The Fed faces a difficult balancing act: trying to reconcile the competing trends of a strong U.S. labor market with a soft global economy and declining inflation expectations. Nonetheless, we still believe the Fed will increase interest rates at either its June or September meeting.
Market Realist – Job creation remains robust in the US.
The above graph shows changes in non-farm payrolls over the last 15 months. The last 13 months have seen at least 200,000 jobs created each month, which is similar to the pace of job creation before the financial crisis. The last seven months have brought the creation of 2 million jobs in the United States. This increase led to rally in stock markets (SPY) earlier this month, while Treasury (SHY) (IEF) yields increased, as the rise meant the Fed could hike rates soon. However, a lot has changed since then.
Market Realist – Poor consumption could lead to a subdued US economy.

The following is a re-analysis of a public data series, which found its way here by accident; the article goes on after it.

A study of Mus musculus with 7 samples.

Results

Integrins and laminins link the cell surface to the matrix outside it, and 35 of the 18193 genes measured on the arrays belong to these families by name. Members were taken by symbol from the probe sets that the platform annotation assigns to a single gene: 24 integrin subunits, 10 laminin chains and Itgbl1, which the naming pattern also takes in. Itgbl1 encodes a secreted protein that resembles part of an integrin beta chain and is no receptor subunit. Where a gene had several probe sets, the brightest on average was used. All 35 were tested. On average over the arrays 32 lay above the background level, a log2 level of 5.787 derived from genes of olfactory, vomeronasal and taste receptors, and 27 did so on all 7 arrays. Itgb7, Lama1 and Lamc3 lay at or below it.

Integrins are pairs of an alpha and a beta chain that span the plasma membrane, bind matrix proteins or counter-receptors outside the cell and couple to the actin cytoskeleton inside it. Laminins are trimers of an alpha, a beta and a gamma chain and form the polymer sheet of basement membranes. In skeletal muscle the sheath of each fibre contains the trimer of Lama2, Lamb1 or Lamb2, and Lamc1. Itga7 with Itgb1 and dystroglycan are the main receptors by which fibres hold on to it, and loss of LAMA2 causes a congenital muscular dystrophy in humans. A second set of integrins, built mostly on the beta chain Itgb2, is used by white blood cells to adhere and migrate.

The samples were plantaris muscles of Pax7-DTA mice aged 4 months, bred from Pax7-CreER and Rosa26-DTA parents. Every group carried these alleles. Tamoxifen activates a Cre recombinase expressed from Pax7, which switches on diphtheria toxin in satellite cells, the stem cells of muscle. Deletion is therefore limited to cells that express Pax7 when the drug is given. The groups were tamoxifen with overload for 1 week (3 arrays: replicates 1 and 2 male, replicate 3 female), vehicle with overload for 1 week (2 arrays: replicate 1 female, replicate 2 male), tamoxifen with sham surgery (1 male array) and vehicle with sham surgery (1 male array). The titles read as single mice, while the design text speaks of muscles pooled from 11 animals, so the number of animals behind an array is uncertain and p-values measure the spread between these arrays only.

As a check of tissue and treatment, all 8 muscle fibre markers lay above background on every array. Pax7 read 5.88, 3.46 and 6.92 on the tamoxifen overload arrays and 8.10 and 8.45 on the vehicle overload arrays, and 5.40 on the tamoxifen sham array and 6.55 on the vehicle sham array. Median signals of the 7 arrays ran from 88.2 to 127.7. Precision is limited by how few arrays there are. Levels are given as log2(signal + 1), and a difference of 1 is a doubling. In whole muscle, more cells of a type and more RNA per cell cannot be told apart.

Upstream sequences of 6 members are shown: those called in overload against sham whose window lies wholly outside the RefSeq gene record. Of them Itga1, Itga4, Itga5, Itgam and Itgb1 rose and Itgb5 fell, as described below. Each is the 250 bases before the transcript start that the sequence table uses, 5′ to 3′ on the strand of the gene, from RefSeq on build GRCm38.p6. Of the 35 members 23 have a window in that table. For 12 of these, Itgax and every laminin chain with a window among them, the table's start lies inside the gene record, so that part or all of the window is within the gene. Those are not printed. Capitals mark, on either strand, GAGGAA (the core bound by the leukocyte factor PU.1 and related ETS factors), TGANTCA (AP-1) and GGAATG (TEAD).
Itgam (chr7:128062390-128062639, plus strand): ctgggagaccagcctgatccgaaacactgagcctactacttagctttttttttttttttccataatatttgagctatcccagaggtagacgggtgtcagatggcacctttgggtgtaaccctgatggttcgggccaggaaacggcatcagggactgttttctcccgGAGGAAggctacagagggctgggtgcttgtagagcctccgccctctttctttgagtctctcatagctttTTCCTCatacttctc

The graph above shows the unadjusted year-over-year growth in retail sales since the start of 2014. Retail (XRT)(RXI) sales have contracted in the last three months. This contraction came despite lower oil (USO) prices, which usually lead to higher consumption. Bad weather is one reason for sluggish sales. Other economic indicators suggest that 1Q15 GDP (gross domestic product) growth could be tepid. Housing (IYR)(VNQ) starts dipped from ~1 million in January to 897,000 in February, according to the US Census Bureau. Industrial (XLI) production growth is also waning.
If economic data remains weak, equities could remain volatile. However, this trend could delay the rate hike. This outlook makes international stocks (ACWI) more attractive.